THE MIDDLE EAST
The issue of Syria will eventually play itself out with the departure of Bashar Al-Assad. This will happen in the short-term. Nevertheless the diplomatic anger and ill-will generated within and outside the UN by the failure of the Security Council to reach agreement to end the Syrian conflict will continue to cause long-term problems for the organization. Even if the Syrian opposition is more united at the moment than it was before, victory by the Syrian opposition may well trigger internal Sunni-Shia splits which could hamper recovery within Syria or, at worst, start another round of conflict. The split between Sunnis and Shias will remain a serious cause of internal conflict within Iraq.
Elsewhere in the Middle East, the situation within Iran is another serious destabilizing factor which will be felt through 2013. Setting aside the presence of nuclear technology within that country, an ever present threat to Israel, the fact that a majority of the Iranian population does not support the current government, means that there will always be a high level of human rights oppression.
Continued Israeli expansion within the disputed areas of Jerusalem and the Palestinian territories will remain a source of tension and conflict. To quote an un-named US diplomat, the two state solution “remains on life support but is not officially dead.”
In Asia, the main concerns will continue to be the political posturing in the China Sea between China, Japan and Taiwan over various uninhabited islands. There is every reason to believe that each of the squabbling nations has enough at stake, economically and politically, that they will not take wild risks. However, no nation having political and economic interests in the area (that is, most of the world’s major players) can fail to miss the point that China will eventually become the dominant military power in the region. This will not happen overnight but will certainly develop in coming years.
The other Asian issue likely to hit the 2013 headlines is the regional wild card of North Korea. Even though that country’s powerful backer, China, has a huge influence on North Korea, nevertheless, there are signs that all the regional players, as well as the major world players, see this issue as potentially hugely destabilizing. China itself is afraid that at some point large numbers of North Korean refugees, fleeing hunger or human rights abuse, or both, could destabilize the border region.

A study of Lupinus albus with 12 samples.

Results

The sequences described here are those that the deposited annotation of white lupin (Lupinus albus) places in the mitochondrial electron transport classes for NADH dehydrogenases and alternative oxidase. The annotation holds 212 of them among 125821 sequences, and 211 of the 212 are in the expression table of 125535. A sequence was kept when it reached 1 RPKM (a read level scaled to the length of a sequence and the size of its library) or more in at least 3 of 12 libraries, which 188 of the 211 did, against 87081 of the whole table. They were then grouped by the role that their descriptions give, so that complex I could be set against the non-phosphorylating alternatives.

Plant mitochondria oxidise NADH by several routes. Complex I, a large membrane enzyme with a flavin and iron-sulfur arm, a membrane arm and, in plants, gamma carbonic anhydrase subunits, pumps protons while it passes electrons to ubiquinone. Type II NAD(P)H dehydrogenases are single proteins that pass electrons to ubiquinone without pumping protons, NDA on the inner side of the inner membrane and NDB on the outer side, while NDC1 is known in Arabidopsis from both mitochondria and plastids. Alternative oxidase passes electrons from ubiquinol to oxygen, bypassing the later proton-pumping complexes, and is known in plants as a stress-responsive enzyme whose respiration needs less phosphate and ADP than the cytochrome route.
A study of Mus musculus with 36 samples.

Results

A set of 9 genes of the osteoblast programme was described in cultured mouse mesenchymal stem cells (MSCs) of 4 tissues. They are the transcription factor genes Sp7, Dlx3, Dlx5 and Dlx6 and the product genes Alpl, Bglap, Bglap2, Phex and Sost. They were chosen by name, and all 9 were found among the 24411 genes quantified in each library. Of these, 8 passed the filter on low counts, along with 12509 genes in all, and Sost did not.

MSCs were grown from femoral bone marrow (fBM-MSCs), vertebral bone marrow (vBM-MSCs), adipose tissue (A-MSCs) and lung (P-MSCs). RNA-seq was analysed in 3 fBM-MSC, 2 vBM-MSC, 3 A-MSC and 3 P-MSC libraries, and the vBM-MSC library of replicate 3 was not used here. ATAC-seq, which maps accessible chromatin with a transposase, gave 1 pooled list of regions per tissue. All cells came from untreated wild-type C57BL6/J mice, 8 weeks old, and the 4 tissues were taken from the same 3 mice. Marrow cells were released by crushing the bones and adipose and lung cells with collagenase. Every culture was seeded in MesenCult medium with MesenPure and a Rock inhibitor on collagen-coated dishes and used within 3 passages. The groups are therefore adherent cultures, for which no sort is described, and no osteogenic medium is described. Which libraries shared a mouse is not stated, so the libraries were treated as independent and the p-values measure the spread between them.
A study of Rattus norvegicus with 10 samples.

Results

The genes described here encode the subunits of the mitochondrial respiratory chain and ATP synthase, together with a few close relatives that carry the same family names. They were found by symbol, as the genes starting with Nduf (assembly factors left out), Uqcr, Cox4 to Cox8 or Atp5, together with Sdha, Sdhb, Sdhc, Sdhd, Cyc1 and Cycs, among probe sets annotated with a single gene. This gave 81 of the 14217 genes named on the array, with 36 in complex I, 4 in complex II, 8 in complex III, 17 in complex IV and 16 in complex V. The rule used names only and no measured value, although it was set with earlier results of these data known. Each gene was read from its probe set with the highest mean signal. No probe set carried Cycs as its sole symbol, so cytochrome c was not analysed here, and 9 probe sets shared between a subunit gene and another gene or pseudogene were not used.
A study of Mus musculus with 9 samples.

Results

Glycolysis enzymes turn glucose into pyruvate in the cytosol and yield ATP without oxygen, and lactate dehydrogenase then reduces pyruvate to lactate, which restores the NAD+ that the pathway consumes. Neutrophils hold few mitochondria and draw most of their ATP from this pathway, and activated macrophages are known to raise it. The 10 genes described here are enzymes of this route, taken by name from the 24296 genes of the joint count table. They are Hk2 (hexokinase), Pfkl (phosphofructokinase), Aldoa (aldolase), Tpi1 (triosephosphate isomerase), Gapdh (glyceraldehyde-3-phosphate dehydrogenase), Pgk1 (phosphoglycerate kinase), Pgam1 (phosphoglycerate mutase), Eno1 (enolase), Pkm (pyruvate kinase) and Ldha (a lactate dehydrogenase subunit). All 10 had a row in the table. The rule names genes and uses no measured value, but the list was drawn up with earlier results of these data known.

THE ROLE OF THE UNITED STATES
The rest of the world watches internal US politics with more than an occasional sense of disbelief. The sometimes poisonous internal politics of the US will likely have their primary effect on the US economy. However the fact that every other nation on earth – and especially Canada – has a huge stake in the US economy means that there will be a residual effect around the world. Other state and non-state actors will watch closely to see how distracted by internal politics the world’s only superpower becomes.
Nobody can deny that the US is still the world’s #1 economy (at least for a while longer) and that it is still by far the world’s predominant military power. For so long the US has been an example of good governance and economic and political freedom. While the current round of internal political squabbling may only be short term (for the next two years perhaps), the public image of the US will continue to suffer.